This year IR is excited to partner with IU Press to award our first annual Blue Light Book Prize to an outstanding short story collection! Submissions open December 1, 2015. Check out our guidelines for more details.
In preparation for Blue Light Book submissions, our senior IR staff reflected on the short story collections they’re most thankful for this holiday season.
Peter (Editor): I am grateful for many story collections but am currently rereading a real favorite, Tim Horvath’s Understories. Tim’s stories are sharp and highly intelligent–studies with heart and a strong sense of narrative form. I would particular recommend “The Understory”–a title story that does not disappoint.
I would be remiss not to mention other favorite collections that I also consider to be gifts and that I am grateful for: Megan Mayhew Bergman’s Almost Famous Women, Laura van den Berg’s The Isle of Youth, Jennifer Egan’s Emerald City, Rebecca Makkai’s Music for Wartime, Amy Hempel’s The Dog of the Marriage, Lorrie Moore’s Collected Stories, Brian Evenson’s Windeye, Adam Johnson’s Fortune Smiles, Antonya Nelson’s Some Fun. . . I could go on but will stop there!
Victoria (Fiction Editor): Alice Munro forever. Hateship, Friendship, Courtship, Loveship, Marriage was the first Munro collection I bought and read, and I return to it often for examples of great writing or just for enjoyment’s sake.
Maggie (Web Editor): In Aimee Bender’s Willful Creatures, a pumpkin-headed couple gives birth to an iron-headed son. A miniature man is held captive and tortured. A boy with key-shaped fingers searches for doors to unlock. Reading an Aimee Bender collection is to look at the world sideways and be shown things you’ve never seen before. Put Aimee Bender on your Christmas list. Hold her dear.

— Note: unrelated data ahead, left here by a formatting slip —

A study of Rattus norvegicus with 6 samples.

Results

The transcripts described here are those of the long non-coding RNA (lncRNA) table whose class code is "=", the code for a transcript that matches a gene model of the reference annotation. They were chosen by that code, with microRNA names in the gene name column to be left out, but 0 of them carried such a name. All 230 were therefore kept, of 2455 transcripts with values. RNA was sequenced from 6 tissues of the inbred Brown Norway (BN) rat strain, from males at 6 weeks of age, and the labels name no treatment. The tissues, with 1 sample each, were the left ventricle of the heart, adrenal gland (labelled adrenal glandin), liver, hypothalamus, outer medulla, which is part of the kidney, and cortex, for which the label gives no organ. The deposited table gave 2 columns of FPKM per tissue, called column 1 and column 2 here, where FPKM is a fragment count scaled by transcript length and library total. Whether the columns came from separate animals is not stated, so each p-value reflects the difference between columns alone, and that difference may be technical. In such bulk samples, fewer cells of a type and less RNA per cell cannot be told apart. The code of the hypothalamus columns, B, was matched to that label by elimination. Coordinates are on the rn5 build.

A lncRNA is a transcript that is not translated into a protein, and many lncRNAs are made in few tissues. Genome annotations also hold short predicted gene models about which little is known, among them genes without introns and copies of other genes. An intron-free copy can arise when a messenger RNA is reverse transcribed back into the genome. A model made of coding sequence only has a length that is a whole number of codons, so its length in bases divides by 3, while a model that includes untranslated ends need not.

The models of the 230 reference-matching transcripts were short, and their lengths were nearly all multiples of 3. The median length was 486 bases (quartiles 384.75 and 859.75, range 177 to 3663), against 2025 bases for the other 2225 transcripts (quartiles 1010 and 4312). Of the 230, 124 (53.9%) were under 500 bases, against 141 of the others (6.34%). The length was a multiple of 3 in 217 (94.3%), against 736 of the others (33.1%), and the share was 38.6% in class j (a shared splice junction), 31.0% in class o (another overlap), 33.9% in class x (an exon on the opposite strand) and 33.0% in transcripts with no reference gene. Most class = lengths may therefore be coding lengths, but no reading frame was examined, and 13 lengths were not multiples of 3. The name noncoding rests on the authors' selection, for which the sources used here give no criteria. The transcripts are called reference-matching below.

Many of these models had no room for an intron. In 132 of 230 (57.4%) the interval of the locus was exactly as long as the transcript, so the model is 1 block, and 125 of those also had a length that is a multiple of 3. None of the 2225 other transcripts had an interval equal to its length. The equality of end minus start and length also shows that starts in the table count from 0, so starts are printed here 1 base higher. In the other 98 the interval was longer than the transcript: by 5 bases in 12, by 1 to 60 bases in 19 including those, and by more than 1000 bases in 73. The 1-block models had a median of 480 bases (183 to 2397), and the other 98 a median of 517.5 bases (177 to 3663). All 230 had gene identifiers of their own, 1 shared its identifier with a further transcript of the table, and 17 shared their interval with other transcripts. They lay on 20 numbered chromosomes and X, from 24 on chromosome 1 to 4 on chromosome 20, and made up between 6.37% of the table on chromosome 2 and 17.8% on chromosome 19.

Tessa (Associate Fiction Editor): Whenever I try to describe one of my favorite short story collections, Lorrie Moore’s Birds of America, I inevitably end up sounding like a terrible person. A woman who accidentally drops and kills an infant? A woman mourning the death of her beautiful cat? What do you have against babies, Tessa? Or cats? Well, nothing. Nothing at all. This is just what happens when you make the mistake of trying to summarize a brilliant book. You get turned into a baby-and-cat-hater.
There is no summarizing Birds of America. You have to experience the wacky plots yourself. But I can promise that the notes of tragedy are always buoyed up by a current of genuine humor. That where the stories read as jokes, they are jokes the characters are in on. That the language here shines, bright and unforgiving as a blade, but always brings you closer to the characters’ struggles, peeling away the layers of blank sentiment that prevent us from seeing things clearly.
This Thanksgiving, I’m thankful for Birds of America and all it has taught me about the humor and laughter and goodwill that exist in dark places—provided that you, like Lorrie Moore, are bold enough to seek them out.
Anna (Associate Fiction Editor): I’m most thankful for Angela Carter’s The Bloody Chamber: And Other Stories. These aren’t the Disneyfied fairytales you grew up with. In these ten stories, Carter tears off centuries of saccharine sentimentality in popular European tales to reveal their latent dark sensuality. The prose is as voluptuous and delectable as a fine box of Belgian chocolates, sprinkled with wicked wit. Best of all, these stories are led not by passive princesses but by fearless women who take who and what they want.